If you’re an Optus customer, Wednesday was a day you’d probably rather forget.
It certainly was for the ACT Government. The so-far unexplained outage felled services from Access Canberra contact centres to waste management and mental health care access.
Triple zero calls from mobiles were unaffected, although emergency calls from landlines were inoperable.
The outage affected up to 10 million Australians and was also characterised by near silence from Optus itself. Communications minister Michelle Rowland made it plain she was not happy with the lack of explanations, reassurance or engagement from CEO Kelly Bayer Rosmarin.
Presumably, the CEO, who was also at the helm during last year’s Optus data breach, was thinking more about the shareholders than the customers when she chose to remain tight-lipped.
So how can what appears to be a fault deep in the core of the system bring down almost half the country’s communications network?
Telecommunications constant Paul Budde says it shouldn’t happen: telcos should have redundancies built in and the capacity to operate parallel, unlinked systems that could be switched in the event of a major outage.
Bushfire-affected areas now have roaming capacity that enables users to switch networks, but this capacity could be extended across all areas to mitigate the effects of other natural disasters, including floods, cyclones or even human-generated events like the Optus outage.
That would, of course, cost money, and in a competitive environment, telcos have resisted the level of investment that would require, resisting suggestions around sharing their infrastructure more widely than they already do.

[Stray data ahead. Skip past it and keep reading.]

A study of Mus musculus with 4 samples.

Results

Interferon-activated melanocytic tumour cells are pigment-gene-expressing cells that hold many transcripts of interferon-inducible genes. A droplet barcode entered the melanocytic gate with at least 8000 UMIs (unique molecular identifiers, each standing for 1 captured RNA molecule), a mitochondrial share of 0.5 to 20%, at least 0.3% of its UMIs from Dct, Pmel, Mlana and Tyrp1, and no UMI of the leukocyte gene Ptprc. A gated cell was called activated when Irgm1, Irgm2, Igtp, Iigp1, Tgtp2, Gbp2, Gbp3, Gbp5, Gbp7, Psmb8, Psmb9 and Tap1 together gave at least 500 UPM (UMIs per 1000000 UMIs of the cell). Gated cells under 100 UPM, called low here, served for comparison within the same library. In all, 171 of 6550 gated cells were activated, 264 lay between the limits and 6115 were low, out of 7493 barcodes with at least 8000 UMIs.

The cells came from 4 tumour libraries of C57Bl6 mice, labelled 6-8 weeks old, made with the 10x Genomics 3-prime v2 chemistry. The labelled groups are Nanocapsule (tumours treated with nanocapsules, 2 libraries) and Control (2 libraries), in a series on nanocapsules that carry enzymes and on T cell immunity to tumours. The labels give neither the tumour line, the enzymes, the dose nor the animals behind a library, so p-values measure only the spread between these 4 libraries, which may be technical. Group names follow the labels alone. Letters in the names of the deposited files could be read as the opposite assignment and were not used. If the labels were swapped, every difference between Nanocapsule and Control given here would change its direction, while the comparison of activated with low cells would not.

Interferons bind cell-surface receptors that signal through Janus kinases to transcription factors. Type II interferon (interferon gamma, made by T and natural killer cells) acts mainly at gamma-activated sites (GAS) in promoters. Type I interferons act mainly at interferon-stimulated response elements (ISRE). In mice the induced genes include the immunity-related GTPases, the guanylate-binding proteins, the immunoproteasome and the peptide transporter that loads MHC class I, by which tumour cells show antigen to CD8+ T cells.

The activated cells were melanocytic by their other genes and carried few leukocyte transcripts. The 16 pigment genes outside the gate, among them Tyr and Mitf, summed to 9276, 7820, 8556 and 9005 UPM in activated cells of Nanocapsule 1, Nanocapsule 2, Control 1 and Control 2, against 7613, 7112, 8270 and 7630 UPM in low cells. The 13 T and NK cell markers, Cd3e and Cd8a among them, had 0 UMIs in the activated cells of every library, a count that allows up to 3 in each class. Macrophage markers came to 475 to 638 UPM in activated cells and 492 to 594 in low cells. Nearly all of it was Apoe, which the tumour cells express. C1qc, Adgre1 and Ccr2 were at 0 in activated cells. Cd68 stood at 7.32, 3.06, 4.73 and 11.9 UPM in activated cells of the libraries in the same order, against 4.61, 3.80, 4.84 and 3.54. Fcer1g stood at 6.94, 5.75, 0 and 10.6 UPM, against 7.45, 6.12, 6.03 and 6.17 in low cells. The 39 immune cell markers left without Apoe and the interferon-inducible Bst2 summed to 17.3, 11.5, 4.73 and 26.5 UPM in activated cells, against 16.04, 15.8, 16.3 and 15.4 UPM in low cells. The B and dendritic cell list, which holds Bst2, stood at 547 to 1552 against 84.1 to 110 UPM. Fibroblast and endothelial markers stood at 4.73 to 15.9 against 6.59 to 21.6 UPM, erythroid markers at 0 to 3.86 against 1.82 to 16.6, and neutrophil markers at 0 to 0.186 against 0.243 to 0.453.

But how can they justify that stance? Telecommunications are more than a consumer choice or a business option. As Wednesday’s outage demonstrated, they’re of critical importance to the economy, our safety and wellbeing.
And these are not rare events: over the past few years, there have been several mass outages, let alone the constant risk posed by system hacking.
Telstra once operated under the universal service obligation, which was replaced in 2018 with the universal service guarantee, to provide fixed voice services to premises in Australia on reasonable request.
Is it now time for the federal government to step in and ensure all networks are fit for purpose when the consequences of failure can be, literally, life-threatening?
This is an even more urgent issue in regional areas, which are always poorly served by telecommunications networks. When Telstra promises you they cover 96 per cent of Australians, they mean exactly that – people, not geography.
Optus is largely useless in rural Australia, and despite endless rollouts of mobile towers, there are plenty of rural and regional areas where coverage is patchy at best or non-existent at worst.
It’s a recipe for disaster in a changing climate where extreme weather events are predicted to rise and communities increasingly depend on mobile communications.
Paul Budde makes the argument that government responses over the past few decades have been a patchwork of short-term solutions and bandaids: mobile towers, subsidies for boosting coverage and the like.
He suggests a better option would be a levy on telcos, yielding investment that would fund ongoing investment in a system that would be disaster-proof, ensure system maintenance and meet service obligations.
Healthy market competition is a good thing in general. But where lives, wellbeing and community safety are at stake, there has to be a better way to ensure we all stay connected.